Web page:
Viral warnings of false reports can hurt businesses and cause people to ignore actual reports when they do occur.

ATLANTA — Following a major human trafficking sting in Coweta County last month, rumors of other alleged human trafficking rings have been emerging from other parts of metro Atlanta - but no official reports have been confirmed, so far.

On Oct. 30, the Coweta County Sheriff's Office, working with the Human Exploitation Investigations Group, arrested more than a dozen people at a Coweta County hotel. Several women were charged with prostitution and two men with pimping and other counts. Several others were arrested on drug charges.

Since then, some of the rumors circulating around the region have included a tweet alleging that 13 people arrested in Atlanta for sex trafficking were Uber drivers.

"False info like this has circulated in other cities before," Uber said in a response. "Please DM us or contact Atlanta Police if you have a safety issue."

They linked to an article from a Boston television station in which a similar viral message had been shared regarding a phony human trafficking ring in that area.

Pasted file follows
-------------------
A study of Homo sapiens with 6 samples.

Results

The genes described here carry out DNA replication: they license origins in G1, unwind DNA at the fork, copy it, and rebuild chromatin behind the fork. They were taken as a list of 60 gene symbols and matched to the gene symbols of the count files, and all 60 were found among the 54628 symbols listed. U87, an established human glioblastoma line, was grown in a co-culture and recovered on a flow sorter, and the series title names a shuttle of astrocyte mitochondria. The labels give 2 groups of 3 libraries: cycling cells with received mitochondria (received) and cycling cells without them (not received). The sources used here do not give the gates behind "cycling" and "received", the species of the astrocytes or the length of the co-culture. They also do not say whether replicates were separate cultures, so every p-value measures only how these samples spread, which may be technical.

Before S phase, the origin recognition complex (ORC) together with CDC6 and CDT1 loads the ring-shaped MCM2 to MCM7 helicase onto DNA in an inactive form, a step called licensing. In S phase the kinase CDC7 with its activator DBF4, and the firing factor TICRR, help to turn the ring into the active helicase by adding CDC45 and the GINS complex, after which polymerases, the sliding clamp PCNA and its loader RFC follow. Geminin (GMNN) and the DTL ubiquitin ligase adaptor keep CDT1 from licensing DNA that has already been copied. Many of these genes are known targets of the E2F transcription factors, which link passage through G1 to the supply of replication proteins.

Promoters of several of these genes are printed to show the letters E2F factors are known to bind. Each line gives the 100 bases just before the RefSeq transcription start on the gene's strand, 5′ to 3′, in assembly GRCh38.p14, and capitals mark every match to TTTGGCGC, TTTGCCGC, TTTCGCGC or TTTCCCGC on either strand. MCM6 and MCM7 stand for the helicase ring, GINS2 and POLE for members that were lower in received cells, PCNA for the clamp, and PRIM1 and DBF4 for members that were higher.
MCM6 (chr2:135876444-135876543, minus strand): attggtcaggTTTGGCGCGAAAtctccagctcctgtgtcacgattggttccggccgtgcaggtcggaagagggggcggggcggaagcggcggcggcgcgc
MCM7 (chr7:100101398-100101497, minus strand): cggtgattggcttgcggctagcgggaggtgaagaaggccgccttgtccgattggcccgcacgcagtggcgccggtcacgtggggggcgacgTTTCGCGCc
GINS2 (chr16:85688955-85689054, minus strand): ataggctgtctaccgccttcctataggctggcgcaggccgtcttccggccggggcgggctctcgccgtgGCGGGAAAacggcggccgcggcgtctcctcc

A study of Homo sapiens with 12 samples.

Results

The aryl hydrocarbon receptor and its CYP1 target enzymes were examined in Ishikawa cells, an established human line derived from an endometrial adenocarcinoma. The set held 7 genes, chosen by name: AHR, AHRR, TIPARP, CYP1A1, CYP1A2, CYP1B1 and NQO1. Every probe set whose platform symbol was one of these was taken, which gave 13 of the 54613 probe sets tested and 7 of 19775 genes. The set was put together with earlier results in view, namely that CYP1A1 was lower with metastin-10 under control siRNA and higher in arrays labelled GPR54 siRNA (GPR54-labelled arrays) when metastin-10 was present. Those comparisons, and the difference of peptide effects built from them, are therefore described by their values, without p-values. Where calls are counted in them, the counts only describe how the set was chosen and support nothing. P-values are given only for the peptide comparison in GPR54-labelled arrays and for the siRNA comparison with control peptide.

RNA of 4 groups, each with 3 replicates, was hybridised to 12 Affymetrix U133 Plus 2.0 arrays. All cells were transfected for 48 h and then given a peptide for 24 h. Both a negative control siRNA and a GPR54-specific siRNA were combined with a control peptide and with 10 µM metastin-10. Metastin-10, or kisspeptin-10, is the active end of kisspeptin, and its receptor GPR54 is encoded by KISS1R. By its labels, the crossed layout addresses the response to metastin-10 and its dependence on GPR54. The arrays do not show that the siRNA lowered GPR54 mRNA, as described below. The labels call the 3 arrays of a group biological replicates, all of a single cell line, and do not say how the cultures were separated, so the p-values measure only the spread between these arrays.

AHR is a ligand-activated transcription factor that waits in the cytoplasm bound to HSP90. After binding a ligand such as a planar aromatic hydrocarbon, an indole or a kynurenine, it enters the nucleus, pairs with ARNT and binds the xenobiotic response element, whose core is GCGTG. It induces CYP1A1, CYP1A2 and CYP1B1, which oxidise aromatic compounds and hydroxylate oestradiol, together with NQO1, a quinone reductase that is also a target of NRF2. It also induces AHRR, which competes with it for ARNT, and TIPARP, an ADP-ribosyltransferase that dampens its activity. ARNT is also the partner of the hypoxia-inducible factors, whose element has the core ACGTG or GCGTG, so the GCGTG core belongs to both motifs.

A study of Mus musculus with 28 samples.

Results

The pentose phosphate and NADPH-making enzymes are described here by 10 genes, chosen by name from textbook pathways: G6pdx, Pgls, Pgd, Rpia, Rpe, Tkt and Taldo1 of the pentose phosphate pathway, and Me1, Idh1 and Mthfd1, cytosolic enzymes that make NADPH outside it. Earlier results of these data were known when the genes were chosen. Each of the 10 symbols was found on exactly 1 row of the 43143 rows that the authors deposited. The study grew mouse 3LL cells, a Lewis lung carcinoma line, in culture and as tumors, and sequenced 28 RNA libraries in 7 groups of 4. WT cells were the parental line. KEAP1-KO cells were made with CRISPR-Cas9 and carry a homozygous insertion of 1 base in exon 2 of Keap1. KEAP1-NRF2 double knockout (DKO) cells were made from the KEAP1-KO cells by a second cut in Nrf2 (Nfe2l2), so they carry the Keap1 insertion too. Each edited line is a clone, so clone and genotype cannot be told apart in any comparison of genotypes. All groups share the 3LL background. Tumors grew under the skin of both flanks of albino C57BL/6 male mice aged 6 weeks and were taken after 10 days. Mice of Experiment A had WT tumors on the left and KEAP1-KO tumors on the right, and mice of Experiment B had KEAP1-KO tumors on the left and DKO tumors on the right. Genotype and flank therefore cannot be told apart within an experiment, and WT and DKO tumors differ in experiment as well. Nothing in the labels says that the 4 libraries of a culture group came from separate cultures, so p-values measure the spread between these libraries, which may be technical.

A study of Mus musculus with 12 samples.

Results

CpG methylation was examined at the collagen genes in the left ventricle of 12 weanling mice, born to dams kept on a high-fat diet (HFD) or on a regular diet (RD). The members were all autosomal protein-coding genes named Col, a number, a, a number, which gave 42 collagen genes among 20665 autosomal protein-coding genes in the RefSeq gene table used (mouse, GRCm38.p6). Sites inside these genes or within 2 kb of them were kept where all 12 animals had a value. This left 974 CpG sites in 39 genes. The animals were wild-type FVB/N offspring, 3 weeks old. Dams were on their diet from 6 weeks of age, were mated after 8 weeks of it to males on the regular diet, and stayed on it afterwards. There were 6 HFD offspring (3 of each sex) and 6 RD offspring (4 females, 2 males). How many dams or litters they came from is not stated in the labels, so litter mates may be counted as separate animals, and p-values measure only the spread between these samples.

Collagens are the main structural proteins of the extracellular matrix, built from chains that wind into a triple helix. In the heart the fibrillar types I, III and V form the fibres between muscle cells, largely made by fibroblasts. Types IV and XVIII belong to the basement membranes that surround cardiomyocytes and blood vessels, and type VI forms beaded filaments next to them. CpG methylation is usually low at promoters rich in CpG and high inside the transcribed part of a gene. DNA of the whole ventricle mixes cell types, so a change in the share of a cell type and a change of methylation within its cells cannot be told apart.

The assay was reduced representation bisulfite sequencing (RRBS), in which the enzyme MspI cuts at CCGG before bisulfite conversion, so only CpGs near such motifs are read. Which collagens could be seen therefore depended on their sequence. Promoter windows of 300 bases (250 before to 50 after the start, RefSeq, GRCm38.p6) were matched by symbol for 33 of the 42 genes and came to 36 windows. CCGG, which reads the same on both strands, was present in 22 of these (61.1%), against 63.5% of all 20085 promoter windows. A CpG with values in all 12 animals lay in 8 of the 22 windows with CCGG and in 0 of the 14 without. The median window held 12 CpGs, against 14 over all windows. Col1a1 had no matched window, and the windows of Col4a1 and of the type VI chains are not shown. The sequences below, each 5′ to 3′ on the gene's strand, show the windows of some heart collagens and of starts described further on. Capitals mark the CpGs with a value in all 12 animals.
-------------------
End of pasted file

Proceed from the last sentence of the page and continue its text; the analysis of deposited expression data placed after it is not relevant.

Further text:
Similarly, in Gwinnett County, allegations asserted there was criminal activity at Jeju Sauna and Spa in Duluth. According to Cpl. Michele Pihera of the Gwinnett Police Department, there is no record of any crimes there, despite posts on Facebook and Instagram of alleged human trafficking.

Pihera says there is no open investigation connected with that location.

A viral video posted on Instagram shows a woman who claims she was abducted outside a Red Lobster location on Candler Road in DeKalb County and forced into sex trafficking for two weeks. She claims police found her because her family went to police for help.

The video also claims she met a 15-year-old girl who was forced into sex trafficking.

DeKalb County Police responded to an 11Alive inquiry about the video, saying they had no report on record of the individual or incident mentioned in the video.

"We are not investigating this as there is no report on record with our department," the statement from DeKalb Police said.

Creating a panic by reporting fake or dubious cases is not positive, and in many cases can cause people to ignore actual cases of human trafficking when they do occur.

Human trafficking is a very serious problem across the nation. In 2018, Georgia had the seventh highest number of human trafficking cases (375) in the nation, according to federal statistics from the National Human Trafficking Hotline.

Both men and women are at risk, and while sex trafficking is most prevalent, labor trafficking is also a major problem when it comes to human trafficking.

If you do suspect that human trafficking is taking place, call the National Human Trafficking Hotline toll-free at 1-888-373-7888, or call 911.